The UAE education system has come a long way in just a few short decades. And as with any sector that witnesses rapid growth, there has been something of a catch-up game to play when it comes to ensuring standards.

However, the government is taking the issue very seriously as the emirate sets its sights on welcoming thousands of new expats in the run up to Expo 2020. Just recently, education leaders responded favourably to the news that both private schools and government schools will be the focus of a new regime aimed at improving performance levels. British and American schools, and others, will have to show they are up to scratch. Inspections will play a vital role in monitoring the progress made to improve standards.

Dual improvement

In Dubai, every school is regularly inspected by the Dubai Schools Inspection Bureau (DSIB) on behalf of the Knowledge and Human Development Agency (KHDA). The DSIB is the Dubai equivalent of UK’s Ofsted whereby schools have a rigorous inspection where key performance is noted.

A twelve-month inspection cycle for schools in the emirate, means that schools move through a period of time where recommendations, provided by the school inspection, are implemented alongside the school’s own improvement plans.

About nine months in, they are looking at preparing and getting ready for the next inspection in the cycle. This provides them with the opportunity to show the impact they have made through school self-evaluation to improve achievement and the personal, physical, social and emotional development of children, pupils and students in their school.

These two key outcomes are reviewed alongside four other standards to measure school effectiveness. Areas for development are identified for schools through recommendations made at the end of each inspection in the cycle. It is important to help educational establishments in the long-term, rather than just focusing on immediate, superficial fixes. It is important to help schools improve standards by working in partnership with the school leadership and the whole school workforce. The inspection journey is one in which schools get an external validation of what is good, very good, and outstanding alongside recommendations for action. A key aspect is support at all levels for the leadership within the school. That’s support for governance, working closely with the principal, as well as support for senior and middle leadership, because these are the key change agents that actually improve education for children, pupils and students on the ground.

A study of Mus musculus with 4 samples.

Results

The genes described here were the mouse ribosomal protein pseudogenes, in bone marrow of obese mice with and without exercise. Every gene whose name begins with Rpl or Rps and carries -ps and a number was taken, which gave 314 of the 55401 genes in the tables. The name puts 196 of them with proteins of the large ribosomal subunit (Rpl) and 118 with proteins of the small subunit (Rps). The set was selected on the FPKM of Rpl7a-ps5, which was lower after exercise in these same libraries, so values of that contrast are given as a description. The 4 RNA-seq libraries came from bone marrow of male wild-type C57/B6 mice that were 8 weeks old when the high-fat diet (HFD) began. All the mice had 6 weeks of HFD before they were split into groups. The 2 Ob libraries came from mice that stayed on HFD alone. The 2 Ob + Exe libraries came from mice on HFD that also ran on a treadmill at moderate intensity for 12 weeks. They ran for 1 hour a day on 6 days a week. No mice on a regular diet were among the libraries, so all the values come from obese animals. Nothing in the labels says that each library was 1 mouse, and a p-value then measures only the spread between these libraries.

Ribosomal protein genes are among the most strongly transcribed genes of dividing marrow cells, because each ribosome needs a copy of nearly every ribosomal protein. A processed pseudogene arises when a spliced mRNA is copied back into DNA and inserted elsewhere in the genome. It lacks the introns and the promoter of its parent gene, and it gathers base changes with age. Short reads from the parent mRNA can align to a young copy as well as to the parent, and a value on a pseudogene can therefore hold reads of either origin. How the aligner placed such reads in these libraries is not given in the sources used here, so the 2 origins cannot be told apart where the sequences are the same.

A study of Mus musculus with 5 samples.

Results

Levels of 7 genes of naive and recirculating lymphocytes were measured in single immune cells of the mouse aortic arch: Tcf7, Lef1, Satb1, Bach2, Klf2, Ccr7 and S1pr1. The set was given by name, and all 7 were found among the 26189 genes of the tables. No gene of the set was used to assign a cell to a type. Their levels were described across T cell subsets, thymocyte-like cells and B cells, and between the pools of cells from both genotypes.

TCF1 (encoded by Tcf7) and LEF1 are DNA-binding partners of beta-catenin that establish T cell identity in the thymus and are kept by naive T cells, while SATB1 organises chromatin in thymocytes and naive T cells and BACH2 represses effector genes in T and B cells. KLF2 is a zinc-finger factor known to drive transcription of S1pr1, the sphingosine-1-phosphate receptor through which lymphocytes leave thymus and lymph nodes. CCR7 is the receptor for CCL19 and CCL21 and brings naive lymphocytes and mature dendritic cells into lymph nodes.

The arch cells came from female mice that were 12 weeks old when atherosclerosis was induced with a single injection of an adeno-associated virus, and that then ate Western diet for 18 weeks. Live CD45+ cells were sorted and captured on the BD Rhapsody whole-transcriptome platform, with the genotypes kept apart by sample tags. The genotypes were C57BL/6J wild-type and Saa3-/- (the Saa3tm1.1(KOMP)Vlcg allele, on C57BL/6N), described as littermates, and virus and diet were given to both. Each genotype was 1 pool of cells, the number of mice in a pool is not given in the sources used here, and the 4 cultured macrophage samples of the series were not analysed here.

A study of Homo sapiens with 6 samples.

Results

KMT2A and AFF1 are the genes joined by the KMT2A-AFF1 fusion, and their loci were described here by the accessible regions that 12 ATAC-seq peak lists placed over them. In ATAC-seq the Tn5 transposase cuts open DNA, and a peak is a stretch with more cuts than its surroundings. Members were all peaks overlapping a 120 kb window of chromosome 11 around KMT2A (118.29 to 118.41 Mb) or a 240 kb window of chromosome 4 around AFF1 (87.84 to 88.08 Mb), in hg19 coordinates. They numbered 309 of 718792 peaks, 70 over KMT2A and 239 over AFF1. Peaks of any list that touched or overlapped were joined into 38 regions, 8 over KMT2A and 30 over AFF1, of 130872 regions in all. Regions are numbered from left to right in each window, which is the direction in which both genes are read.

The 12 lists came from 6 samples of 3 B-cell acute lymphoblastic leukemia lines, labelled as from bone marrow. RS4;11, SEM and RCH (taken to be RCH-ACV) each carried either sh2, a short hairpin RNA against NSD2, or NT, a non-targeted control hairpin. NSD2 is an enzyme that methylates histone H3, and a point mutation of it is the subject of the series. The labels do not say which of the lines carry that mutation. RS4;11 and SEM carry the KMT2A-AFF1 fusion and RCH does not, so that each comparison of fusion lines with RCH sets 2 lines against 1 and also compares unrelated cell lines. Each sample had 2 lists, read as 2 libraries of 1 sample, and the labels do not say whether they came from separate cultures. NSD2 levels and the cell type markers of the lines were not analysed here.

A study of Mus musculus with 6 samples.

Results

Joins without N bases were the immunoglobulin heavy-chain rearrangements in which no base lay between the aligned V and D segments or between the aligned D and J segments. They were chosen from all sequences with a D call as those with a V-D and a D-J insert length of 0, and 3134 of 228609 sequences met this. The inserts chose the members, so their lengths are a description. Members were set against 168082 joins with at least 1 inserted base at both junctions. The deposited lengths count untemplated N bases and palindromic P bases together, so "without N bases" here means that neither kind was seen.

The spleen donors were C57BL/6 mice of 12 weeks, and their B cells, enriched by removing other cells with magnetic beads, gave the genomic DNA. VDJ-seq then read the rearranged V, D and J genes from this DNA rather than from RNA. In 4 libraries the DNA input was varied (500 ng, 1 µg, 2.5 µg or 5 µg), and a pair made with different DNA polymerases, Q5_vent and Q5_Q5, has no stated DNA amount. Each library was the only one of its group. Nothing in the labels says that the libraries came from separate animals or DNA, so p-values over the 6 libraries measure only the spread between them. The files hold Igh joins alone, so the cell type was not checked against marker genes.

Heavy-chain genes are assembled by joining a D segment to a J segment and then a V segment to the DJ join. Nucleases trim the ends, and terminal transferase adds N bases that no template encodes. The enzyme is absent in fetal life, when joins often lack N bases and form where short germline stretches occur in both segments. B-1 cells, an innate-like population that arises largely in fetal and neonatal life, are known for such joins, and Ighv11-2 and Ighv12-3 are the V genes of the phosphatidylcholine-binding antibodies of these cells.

Being positive

This holistic approach will be a key focus for TBI to help schools improve things moving forward. TBI customises school improvement support to meet the needs of an individual school by looking

carefully at the school’s own self-evaluation. Some argue that schools who fall short of the excellent standards achieved by other institutions feel an added pressure to perform as a result of annual inspections. They perceive that they are tying themselves in knots as month nine arrives and the inspectors’ visit looms. Although this sentiment may still exist, the emphasis these days is much more on travelling the improvement journey together rather than singling out schools for criticism. The front pages of the inspection report have a curve to provide an illustration about inspection visits over time. The ideal measure of a school’s journey is that you go from acceptable one year, to good the next year, very good the next, and then outstanding the year after that.


Obviously, some schools get there quicker than others, however, it is the capacity building of the leadership which allows their inspection journey to be smooth. So, the schools that are suffering from stress are the ones that have not implemented recommendations quickly enough, which then means they have made life tough for themselves. Schools are in control of their own improvement, and if they set off on the journey quickly, they should feel more confident, when the next inspection comes around. It’s all about momentum, when a school moves from good to very good then they should immediately start on the next journey for improvement. Sometimes, with a school that has moved from acceptable to good, we can see that they suddenly understand that the path to outstanding is not as far off or as unattainable as they thought — this is what the process should be all about.


— DESMOND DUNNE is Chief of School Improvement and Inspections at The Boston Initiative and has more than 25 years of school improvement and inspection experience, having held the post of National Director for Science at the Department of Education and Skills in the UK.